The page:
Jury Out On Ginormous Groupon IPO
Despite a host of well-documented concerns, investors went gaga over Groupon on its first day of public trading.
It didn’t hurt that the deal leader was only out to raise $700 million by selling 5.5% of available shares -- far less than previous tech IPOs from Google to LinkedIn. Still, as analysts noted, the initial enthusiasm for Groupon has implications for other Web darlings, and their own IPO ambitions.
On Thursday, Groupon priced its IPO at $20 per share -- above its expected range of $16 to $18. The move gave the company a market value of $12.7 billion.
By Friday afternoon, Groupon's stock jumped $8.30, or more than 40%, to $28.30 -- increasing the company’s value to around $18 billion.
Still, whether Groupon will retain its high value in the coming weeks and months is far from certain.
In a note to investors, Evercore Partners analyst Ken Sena valued Groupon between $8 billion and $10 billion, and warned that the company faces increasing competition and deal-weary consumers.
“We think that the competitive advantage is not sustainable,” Jim Krapfel, an equity analyst and IPO strategist at Morningstar, said late Thursday. “There are just no barriers to entry here.”
What’s more, “we don't think [Groupon] has been able to scale their costs appropriately,” Krapfel added. “They've continued to generate losses, and likely will continue to do so unless they ratchet down their marketing spend, which they have been doing recently -- but that's come at the expense of growth.”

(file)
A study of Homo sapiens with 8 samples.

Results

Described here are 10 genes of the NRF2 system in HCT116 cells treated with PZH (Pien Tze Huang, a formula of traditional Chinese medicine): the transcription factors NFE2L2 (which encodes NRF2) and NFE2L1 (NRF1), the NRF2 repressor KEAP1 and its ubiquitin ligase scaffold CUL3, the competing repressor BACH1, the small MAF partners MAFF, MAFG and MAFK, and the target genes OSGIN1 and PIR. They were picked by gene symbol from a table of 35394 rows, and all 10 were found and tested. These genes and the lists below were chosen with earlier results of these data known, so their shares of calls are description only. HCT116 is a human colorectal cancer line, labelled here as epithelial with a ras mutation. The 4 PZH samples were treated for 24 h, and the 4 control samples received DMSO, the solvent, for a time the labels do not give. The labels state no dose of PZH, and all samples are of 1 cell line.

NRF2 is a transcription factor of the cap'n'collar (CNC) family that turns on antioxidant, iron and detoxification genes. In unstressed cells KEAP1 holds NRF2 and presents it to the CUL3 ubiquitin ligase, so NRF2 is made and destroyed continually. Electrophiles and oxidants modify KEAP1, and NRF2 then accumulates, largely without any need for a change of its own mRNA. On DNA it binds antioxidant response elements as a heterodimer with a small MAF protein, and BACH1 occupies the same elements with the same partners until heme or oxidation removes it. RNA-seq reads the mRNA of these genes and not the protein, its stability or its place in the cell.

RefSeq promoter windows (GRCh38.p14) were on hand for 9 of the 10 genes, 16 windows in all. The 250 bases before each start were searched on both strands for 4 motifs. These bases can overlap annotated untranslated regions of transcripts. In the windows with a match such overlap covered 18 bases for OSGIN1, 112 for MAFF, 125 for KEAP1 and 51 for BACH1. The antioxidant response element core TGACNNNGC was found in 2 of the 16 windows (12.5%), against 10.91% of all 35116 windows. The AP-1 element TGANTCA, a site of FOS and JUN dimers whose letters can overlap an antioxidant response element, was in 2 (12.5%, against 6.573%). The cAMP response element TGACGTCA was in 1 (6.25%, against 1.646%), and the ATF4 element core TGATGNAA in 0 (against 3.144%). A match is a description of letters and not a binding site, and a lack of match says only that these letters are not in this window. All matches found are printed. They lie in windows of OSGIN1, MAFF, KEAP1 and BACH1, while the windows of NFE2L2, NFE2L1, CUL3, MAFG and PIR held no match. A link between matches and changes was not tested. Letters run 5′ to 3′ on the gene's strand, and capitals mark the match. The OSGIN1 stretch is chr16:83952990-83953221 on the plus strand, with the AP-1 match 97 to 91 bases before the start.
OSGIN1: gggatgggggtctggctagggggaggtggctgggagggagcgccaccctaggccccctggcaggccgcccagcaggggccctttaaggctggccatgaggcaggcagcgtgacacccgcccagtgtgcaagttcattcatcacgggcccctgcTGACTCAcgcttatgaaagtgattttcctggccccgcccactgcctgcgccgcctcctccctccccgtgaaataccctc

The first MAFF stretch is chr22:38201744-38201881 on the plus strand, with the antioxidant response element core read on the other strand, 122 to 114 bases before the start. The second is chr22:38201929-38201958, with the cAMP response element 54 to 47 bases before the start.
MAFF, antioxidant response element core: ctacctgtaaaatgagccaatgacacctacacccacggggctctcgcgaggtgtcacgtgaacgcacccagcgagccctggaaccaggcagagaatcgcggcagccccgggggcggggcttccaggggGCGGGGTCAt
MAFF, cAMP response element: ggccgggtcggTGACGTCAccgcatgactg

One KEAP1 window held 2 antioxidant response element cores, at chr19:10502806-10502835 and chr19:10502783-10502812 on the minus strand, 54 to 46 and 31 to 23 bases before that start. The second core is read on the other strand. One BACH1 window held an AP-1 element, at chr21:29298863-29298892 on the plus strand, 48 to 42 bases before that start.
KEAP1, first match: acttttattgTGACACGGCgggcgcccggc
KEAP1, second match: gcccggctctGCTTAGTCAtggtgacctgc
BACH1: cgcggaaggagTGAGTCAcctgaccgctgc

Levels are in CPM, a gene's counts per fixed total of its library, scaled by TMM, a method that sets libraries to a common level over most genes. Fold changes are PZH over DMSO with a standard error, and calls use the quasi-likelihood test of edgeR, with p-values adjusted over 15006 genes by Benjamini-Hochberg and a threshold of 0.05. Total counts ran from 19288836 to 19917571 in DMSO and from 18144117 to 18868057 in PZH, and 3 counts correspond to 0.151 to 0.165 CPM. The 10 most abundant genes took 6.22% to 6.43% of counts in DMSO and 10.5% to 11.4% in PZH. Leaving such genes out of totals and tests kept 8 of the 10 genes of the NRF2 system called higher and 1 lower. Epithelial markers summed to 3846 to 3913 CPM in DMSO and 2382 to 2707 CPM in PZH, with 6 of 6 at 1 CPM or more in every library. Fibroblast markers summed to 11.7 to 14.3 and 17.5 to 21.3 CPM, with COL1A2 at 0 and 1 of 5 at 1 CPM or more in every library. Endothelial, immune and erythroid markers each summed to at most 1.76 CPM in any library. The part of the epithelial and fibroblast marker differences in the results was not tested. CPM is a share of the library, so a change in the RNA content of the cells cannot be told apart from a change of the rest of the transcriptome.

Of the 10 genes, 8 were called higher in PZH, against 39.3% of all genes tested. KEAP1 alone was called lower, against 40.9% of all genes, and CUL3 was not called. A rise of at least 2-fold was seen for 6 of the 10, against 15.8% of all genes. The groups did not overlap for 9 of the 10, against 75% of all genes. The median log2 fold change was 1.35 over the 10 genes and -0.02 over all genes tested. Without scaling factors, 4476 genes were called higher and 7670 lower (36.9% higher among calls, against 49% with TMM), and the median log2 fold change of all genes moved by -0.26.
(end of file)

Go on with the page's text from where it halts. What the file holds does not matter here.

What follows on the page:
Along with its oversized employee base -- and the way it accounted for revenue until an SEC inquiry prompted a restatement -- many believe that Groupon spends way too much money on marketers.
"Back of the envelope calculations … get us to $31 spent to acquire a customer, who then probably spends a little more than that on Groupon," Forrester Research analyst Sucharita Mulpuru wrote in a recent blog post.
As a result, largely attributed to expansion and marketing costs, Groupon lost $420 million last year, and $117.1 million in the first quarter of 2011.
Yet not all analysts were bashing Groupon on Friday.
“We expect a combination of more diversification of offerings, including travel and product deals, to combine with geographic expansion to drive total Groupon gross billings growth of 450% year-over-year in 2011 to $4.1 billion, leading to $1.6 billion of revenue,” Benchmark Managing Director Fred Moran explained in a research note.
“Groupon’s dominant position in the rapidly emerging daily deals segment of local commerce could lead to exponential growth and a potentially highly profitable enterprise,” Moran added. “We recommend investors participate in the IPO of Groupon.”
Citing a volatile stock market, Groupon postponed its IPO earlier this year, and pushed back meetings with investors.
With an eye on the future, Groupon recently debuted a Rewards product, which is designed to help merchants increase customer loyalty by giving said customers a good reason to keep coming back.
Groupon built its business by getting local merchants to offer great one-time deals to consumers. Rewards, by extension, is all about bringing back -- and nurturing relationships with -- existing customers.